Food inflation accelerates in 2000
June 01, 2001
Consumer food prices increased 2.8 percent in 2000, following a 1.9-percent increase during the previous year. Higher inflation for bread, pork, beef, and fresh vegetables offset deflation for dairy products and lower inflation for fresh fruits.
Bread prices rose 4.6 percent in 2000, compared with 2.0 percent in 1999. Pork charges increased 5.8 percent, after rising 3.1 percent in 1999; hog and pig inventories were in short supply. Beef and veal prices rose 5.5 percent, following a 4.4-percent rise during 1999. Fresh vegetable charges were up 12.2 percent in 2000; during 1999, prices of fresh vegetables had risen by only 0.8 percent.
Dairy products prices declined 0.4 percent, after increasing 2.9 percent in 1999. The fresh fruits index increased just 0.8 percent in 2000, after increasing 3.2 percent in 1999.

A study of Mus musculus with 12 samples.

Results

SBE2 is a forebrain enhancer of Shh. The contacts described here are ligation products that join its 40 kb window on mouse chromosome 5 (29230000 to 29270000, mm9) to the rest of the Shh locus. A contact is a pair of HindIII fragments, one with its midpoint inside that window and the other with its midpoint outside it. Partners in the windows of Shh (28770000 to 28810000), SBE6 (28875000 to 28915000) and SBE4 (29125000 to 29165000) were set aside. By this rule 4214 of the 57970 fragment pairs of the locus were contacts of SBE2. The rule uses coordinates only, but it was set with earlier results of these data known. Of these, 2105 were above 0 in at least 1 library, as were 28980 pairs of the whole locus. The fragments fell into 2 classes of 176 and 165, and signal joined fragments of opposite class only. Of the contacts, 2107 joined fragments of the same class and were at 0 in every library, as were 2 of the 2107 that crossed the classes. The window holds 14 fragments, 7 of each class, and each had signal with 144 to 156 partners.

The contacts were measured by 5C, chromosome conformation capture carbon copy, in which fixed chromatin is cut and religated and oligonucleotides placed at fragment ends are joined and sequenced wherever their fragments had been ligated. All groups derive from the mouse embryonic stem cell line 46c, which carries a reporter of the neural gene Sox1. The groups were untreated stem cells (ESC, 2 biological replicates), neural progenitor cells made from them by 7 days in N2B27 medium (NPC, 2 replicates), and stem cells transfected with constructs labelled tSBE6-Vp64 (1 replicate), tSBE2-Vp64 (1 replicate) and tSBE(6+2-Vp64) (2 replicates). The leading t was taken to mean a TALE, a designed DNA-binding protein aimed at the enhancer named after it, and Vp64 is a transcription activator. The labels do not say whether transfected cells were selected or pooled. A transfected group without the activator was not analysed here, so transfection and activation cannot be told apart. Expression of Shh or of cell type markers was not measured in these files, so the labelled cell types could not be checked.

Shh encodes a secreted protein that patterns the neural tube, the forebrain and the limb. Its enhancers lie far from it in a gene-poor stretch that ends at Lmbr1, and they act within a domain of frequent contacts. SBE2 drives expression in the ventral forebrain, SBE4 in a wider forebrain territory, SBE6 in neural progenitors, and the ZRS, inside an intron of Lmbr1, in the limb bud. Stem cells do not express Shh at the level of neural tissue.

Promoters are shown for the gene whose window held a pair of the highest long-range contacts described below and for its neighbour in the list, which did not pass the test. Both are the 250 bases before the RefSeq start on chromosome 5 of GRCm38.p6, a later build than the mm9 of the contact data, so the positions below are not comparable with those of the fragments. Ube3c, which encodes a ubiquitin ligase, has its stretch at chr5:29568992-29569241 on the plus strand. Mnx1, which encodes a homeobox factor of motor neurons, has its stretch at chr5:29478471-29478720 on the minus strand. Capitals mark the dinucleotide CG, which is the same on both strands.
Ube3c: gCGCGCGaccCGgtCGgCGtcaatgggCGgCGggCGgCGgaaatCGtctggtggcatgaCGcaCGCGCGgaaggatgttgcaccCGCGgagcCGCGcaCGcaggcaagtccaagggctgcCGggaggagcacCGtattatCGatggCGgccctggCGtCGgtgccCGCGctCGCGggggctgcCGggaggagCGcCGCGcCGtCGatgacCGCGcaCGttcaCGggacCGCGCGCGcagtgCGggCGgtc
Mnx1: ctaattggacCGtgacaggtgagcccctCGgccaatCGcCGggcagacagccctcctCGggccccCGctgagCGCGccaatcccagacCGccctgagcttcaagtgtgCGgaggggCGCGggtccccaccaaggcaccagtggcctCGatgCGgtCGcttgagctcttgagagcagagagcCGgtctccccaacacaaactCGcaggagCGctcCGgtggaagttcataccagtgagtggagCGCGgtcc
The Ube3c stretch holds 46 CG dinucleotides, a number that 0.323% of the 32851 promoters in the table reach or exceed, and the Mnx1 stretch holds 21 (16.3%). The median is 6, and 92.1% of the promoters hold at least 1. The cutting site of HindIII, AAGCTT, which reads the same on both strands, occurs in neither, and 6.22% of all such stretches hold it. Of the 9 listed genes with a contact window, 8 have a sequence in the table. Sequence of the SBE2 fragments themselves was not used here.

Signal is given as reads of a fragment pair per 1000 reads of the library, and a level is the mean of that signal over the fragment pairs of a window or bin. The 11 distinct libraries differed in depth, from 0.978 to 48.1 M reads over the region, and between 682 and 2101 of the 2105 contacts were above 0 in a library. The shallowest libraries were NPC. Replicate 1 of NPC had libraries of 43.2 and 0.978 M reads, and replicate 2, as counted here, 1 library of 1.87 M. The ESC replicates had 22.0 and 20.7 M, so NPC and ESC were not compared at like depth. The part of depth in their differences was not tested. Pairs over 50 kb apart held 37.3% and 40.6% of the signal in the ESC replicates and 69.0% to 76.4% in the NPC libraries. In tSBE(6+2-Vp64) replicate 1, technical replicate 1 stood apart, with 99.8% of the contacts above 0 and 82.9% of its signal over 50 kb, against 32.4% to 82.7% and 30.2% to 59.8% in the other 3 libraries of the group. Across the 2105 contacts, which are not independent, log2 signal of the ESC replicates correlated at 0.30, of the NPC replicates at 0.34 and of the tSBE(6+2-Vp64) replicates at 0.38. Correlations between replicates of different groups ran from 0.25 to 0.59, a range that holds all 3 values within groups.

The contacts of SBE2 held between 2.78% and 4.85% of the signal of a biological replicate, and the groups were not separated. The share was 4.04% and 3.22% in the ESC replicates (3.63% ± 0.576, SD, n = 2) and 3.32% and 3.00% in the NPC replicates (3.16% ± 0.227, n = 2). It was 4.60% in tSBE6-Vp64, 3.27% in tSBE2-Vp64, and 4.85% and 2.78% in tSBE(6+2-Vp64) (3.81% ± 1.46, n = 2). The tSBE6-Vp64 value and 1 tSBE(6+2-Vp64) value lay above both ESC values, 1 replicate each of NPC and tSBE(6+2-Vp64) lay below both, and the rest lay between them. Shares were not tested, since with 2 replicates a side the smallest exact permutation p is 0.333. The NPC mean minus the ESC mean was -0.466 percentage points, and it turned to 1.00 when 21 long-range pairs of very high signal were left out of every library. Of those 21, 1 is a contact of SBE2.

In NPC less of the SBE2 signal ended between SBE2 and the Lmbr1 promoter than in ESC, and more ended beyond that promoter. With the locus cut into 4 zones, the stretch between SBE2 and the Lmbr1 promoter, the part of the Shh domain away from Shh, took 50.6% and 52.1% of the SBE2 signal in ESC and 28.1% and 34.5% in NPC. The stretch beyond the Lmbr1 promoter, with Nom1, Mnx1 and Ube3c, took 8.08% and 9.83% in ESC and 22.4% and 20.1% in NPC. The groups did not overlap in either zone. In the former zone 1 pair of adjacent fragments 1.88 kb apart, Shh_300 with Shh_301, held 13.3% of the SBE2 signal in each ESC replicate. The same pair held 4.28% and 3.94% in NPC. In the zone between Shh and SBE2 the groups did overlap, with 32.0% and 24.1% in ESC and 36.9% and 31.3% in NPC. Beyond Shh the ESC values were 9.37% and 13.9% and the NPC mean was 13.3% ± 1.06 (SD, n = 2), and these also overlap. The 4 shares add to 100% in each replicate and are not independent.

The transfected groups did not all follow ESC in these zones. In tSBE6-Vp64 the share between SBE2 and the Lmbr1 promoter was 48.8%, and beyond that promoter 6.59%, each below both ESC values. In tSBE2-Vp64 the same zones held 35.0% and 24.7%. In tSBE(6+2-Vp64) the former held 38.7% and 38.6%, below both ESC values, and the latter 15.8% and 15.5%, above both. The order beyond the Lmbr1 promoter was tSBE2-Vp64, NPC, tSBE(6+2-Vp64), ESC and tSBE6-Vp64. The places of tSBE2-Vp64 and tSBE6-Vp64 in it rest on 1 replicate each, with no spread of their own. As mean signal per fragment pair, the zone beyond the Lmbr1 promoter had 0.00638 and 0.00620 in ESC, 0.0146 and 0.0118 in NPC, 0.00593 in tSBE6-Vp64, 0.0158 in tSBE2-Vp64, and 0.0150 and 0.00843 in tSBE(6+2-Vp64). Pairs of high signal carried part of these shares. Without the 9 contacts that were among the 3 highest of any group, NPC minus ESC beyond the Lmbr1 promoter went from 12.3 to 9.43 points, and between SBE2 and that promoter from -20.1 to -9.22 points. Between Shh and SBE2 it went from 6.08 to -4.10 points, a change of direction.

These data are from the BLS Consumer Price Index program. For additional information, see "Consumer inflation higher in 2000" by Todd Wilson, Monthly Labor Review, April 2001. Annual changes are December-to-December changes.
Bureau of Labor Statistics, U.S. Department of Labor, The Economics Daily, Food inflation accelerates in 2000 on the Internet at http://www.bls.gov/opub/ted/2001/may/wk4/art04.htm (visited December 20, 2014).
Three recent editions of Spotlight on Statistics
Housing: before, during, and after the Great Recession
looks at consumer expenditures on household items, employment in residential construction, prices for household items, and injuries in occupations involved in building and maintaining our homes.
Women veterans in the labor force examines the demographic, employment, and unemployment characteristics of women veterans.
BLS Statistics by Occupation provides an overview of occupational employment and wages with an emphasis on STEM jobs and occupational data by typical entry-level education required.